How to Cope with Your Child's Bedwetting

Oct 16, 2009
Millions of childen have the bedwetting problem, but most of them and their parents do not talk about this condition to others.  Many parents feel embarrassed, angry and distressed if they know that their child wets the bed every night and nothings seems to work properly. What can be done to improve the bedwetting problem in your child?
  1. Keep in mind that bedwetting is a temporary problem. Most children outgrow bedwetting and treatment may not be necessary until age 6 to 7. It is known that about 20 percent of children have bedwetting problem at age five, while only in 12 percent of kids this problem persists until age six. As your child’s body systems mature, bedwetting will subside to greater extend and most teenagers no longer face the problem of bedwetting.

  2. Do not blame yourself for your child's bedwetting. Many parents think that bedwetting is psychological and they may somehow cause their child's bedwetting. Most specialists say that psychological factors rarely cause bedwetting in children, especially if the child has primary bedwetting or never stayed dry at night. In case of secondary bedwetting, when a child learned to stay dry at night, but started to wet the bed, stressful events could contribute to the development of bedwetting, but these issues can be managed. For most cases of bedwetting the main problem seems to be the immature brain and bladder control.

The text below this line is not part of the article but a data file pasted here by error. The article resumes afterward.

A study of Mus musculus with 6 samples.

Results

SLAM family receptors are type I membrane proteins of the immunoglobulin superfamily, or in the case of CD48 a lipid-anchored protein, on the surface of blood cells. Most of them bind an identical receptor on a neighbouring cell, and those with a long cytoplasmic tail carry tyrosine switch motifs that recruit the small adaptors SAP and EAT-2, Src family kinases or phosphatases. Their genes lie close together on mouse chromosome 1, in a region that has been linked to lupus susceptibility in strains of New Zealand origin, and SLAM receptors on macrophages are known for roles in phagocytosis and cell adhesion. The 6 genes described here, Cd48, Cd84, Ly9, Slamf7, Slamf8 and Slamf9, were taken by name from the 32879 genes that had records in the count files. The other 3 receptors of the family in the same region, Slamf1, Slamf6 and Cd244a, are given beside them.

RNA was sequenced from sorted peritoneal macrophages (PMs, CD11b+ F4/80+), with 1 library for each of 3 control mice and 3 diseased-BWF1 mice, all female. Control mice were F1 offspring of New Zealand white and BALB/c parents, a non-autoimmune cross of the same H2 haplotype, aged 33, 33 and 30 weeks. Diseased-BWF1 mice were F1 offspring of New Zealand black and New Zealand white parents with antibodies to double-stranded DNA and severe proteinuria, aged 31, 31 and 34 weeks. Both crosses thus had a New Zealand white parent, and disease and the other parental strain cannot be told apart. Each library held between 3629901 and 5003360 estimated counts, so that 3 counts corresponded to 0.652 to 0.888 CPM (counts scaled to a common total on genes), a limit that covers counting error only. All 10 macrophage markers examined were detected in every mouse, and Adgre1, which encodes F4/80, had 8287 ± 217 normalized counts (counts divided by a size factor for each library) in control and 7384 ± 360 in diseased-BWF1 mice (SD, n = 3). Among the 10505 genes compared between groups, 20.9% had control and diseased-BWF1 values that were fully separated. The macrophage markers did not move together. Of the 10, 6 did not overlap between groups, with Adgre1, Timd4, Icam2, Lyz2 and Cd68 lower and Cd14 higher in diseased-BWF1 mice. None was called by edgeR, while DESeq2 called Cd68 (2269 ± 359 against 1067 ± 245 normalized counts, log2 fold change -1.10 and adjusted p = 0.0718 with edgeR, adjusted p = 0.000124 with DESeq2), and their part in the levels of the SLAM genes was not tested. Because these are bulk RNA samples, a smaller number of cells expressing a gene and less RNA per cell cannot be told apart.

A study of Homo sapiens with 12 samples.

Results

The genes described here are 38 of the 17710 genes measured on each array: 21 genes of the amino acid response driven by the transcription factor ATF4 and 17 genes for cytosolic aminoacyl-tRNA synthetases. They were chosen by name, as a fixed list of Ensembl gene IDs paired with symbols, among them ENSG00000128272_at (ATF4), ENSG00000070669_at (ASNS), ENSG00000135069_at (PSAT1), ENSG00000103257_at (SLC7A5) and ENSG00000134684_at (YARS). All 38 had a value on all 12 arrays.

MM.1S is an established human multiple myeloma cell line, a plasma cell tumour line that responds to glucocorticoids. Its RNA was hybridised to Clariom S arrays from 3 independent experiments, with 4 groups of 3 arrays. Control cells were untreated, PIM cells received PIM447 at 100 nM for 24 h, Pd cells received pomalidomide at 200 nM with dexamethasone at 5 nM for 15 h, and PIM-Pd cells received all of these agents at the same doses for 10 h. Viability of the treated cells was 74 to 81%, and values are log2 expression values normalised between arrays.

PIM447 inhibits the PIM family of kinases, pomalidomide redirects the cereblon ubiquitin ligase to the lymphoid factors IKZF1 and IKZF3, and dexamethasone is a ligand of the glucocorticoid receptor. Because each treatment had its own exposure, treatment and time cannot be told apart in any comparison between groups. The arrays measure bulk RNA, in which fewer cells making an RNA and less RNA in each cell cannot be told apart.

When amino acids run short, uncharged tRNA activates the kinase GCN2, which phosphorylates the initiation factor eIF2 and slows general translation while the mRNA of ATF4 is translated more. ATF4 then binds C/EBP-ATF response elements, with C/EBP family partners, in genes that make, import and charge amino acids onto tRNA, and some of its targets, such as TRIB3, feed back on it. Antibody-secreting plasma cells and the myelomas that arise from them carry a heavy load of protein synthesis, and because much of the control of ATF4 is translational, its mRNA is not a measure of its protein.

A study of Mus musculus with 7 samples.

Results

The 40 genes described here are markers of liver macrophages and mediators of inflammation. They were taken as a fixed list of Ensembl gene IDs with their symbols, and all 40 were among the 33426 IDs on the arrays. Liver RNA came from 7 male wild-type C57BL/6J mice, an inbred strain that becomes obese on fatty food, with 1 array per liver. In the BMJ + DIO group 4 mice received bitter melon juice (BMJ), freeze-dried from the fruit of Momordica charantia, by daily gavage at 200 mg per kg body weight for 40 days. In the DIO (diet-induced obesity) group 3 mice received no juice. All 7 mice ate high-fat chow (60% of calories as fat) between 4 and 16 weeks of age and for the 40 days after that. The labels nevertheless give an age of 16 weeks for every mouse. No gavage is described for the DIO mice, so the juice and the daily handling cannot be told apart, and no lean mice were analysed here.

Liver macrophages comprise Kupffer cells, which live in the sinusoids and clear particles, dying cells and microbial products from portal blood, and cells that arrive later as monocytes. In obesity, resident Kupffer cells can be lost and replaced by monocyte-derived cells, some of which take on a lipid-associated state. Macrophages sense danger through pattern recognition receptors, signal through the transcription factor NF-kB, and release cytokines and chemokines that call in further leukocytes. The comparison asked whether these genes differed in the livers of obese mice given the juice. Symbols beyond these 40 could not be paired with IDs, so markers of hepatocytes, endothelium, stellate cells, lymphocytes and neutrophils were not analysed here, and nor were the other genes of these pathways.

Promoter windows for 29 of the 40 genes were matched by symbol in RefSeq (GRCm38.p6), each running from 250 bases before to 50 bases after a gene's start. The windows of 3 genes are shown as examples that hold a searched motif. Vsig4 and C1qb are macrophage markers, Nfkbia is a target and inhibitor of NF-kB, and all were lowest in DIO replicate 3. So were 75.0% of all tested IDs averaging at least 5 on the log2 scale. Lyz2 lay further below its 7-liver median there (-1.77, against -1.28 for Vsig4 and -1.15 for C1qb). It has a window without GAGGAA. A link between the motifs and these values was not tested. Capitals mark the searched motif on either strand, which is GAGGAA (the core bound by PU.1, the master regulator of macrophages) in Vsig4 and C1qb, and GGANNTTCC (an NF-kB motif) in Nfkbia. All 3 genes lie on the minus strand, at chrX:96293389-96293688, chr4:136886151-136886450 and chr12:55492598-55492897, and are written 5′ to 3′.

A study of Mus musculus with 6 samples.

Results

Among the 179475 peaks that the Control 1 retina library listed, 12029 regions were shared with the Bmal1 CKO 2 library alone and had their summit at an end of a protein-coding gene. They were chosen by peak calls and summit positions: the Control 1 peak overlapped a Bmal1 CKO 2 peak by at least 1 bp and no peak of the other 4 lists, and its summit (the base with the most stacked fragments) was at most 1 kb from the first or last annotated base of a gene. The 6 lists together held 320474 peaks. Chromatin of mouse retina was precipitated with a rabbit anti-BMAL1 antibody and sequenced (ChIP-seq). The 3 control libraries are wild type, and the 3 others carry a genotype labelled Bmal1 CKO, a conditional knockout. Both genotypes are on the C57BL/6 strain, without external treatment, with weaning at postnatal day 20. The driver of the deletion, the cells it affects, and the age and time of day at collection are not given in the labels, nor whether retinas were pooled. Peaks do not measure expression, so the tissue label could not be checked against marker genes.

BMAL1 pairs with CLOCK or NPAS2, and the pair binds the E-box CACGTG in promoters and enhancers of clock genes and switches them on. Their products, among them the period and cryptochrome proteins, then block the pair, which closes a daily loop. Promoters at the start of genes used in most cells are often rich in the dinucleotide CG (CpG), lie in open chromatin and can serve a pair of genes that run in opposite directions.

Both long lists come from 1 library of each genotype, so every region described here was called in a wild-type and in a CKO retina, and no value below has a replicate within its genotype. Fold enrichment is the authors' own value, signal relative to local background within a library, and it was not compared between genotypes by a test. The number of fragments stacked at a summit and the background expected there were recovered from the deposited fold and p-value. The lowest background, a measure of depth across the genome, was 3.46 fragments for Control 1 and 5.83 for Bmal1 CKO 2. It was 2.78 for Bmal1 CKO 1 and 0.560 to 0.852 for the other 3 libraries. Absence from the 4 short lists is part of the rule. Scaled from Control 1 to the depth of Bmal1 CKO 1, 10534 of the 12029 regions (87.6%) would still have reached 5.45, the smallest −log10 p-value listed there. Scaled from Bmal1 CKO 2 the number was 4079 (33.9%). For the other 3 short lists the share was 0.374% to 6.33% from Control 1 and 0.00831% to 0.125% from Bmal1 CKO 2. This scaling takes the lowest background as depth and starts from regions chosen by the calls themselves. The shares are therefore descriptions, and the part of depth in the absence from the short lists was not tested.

3. Avoid giving too much fluids or foods containing caffeine before going to bed. Fluids do not cause bedwetting, but it can help reduce the amount of fluids and lower the chances of incidence. Also avoid salty food and snacks because they will make your child feel thirsty and drink more.

  4. Keep to the schedule of making your child urinate at certain time. You will need to have your child go to the bathroom before going to bed. Also try night-time training, either waking your child a couple of hours after falling asleep and every 2 or 3 hours at night so that your child can go to the bathroom. Make sure the toilet is easy to access.

  5. Use a bedwetting alarm. According to the University of Aberdeen in Scotland bedwetting alarm is one of the most effective treatments for bedwetting. Bedwetting alarm is a device that rings or lights up, when the child wets the bed. This encourages your child to wake up before the bedwetting takes place. The use of bedwetting alarms can be especially helpful for older children, who are willing to cope with the problem.

  6. Encourage and reward your child. Explain your child how the bladder works and encourage him whenever he needs help. Talk about the benefits of staying dry.  It is a good idea to make your child aware of his progress and encourage dry nights furthermore. You may use stickers to note dry nights, writing some positive phrase or simply checking off in a calendar when the child stayed dry at night.